Ireland's High Court has rejected a lesbian couple's attempt to have their marriage legally recognised.
Dr Gilligan (l) and Dr Zappone (r) say their rights are being breached
Katharine Zappone and Ann Louise Gilligan said that failure to recognise their marriage breached their rights.
The two were married in 2003 in British Columbia, Canada, after that province legalised same-sex marriage.
They live in Ireland and have been a couple for 25 years. They are the first homosexual couple to go to court over the issue after being married abroad.
The couple had argued that failure to recognise their marriage breached their rights under the Irish constitution and the European Convention on Human Rights.
'Right to marry'
"For three years we have been a married couple," said Dr Zappone after the court's ruling.
"We took the case because we believed and we requested that the human right to marry is simply extended to us."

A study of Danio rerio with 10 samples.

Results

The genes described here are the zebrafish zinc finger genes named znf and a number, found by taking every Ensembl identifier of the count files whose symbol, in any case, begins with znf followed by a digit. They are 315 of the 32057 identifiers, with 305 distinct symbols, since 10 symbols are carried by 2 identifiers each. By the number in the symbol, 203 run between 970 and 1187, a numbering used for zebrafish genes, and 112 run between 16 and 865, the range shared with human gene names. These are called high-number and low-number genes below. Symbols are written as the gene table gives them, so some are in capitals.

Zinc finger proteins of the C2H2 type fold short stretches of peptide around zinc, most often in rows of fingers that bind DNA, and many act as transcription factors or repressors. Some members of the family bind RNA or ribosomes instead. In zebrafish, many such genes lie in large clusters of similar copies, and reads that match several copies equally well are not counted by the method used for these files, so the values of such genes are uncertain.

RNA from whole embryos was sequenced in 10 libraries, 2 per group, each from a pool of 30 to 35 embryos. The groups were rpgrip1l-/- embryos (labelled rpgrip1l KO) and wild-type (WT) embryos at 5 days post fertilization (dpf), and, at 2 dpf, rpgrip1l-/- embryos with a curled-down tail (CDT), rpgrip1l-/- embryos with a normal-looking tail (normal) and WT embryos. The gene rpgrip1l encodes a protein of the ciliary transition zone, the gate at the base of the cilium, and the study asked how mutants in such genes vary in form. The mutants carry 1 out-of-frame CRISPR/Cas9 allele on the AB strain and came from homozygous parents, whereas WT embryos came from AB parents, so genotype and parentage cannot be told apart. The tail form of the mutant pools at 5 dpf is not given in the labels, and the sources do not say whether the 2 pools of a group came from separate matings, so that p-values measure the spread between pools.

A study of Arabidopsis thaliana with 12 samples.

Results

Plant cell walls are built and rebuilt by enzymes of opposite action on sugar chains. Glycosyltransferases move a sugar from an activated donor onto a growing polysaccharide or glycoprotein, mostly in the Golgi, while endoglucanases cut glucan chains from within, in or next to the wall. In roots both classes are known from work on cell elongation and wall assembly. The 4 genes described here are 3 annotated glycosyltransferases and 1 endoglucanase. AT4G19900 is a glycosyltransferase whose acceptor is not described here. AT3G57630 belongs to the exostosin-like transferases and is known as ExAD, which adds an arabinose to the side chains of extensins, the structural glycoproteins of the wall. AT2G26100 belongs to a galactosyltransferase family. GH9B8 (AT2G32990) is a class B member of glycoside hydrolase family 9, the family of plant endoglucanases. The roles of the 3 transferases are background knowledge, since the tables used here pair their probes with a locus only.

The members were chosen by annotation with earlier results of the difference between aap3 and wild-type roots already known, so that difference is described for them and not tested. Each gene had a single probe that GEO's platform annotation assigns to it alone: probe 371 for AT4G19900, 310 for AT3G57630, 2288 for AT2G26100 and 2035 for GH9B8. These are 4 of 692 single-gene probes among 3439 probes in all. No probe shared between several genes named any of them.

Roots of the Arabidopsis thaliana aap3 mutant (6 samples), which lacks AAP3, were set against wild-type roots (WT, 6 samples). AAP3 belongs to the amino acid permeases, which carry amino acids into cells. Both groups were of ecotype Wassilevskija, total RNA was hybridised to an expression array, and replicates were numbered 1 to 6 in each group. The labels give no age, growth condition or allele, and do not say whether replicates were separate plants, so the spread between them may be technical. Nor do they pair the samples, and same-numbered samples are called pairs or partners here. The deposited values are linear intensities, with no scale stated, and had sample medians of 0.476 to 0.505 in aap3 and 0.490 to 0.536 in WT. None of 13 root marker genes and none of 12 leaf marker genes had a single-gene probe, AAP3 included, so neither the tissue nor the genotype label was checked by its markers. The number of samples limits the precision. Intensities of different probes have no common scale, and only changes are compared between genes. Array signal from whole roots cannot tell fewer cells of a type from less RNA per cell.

But the High Court in Dublin ruled that the court was being asked to redefine marriage to mean something which it had never done to date.
"I do not think that it is a right which exists for same sex couples either under the Irish constitution or under the European Convention," said Justice Elizabeth Dunne in a 138-page ruling.
The couple took legal action in 2004 after Irish Revenue Commissioners refused to allow them the same tax allowances as mixed-sex couples in Ireland.
Dr Gilligan is an academic and Dr Zappone is a public policy consultant.
Justice Dunne said the rights of cohabitating couples, whether same- or mixed-sex, were being reviewed in Ireland.
Homosexuality was illegal in predominantly Roman Catholic Ireland until 1993.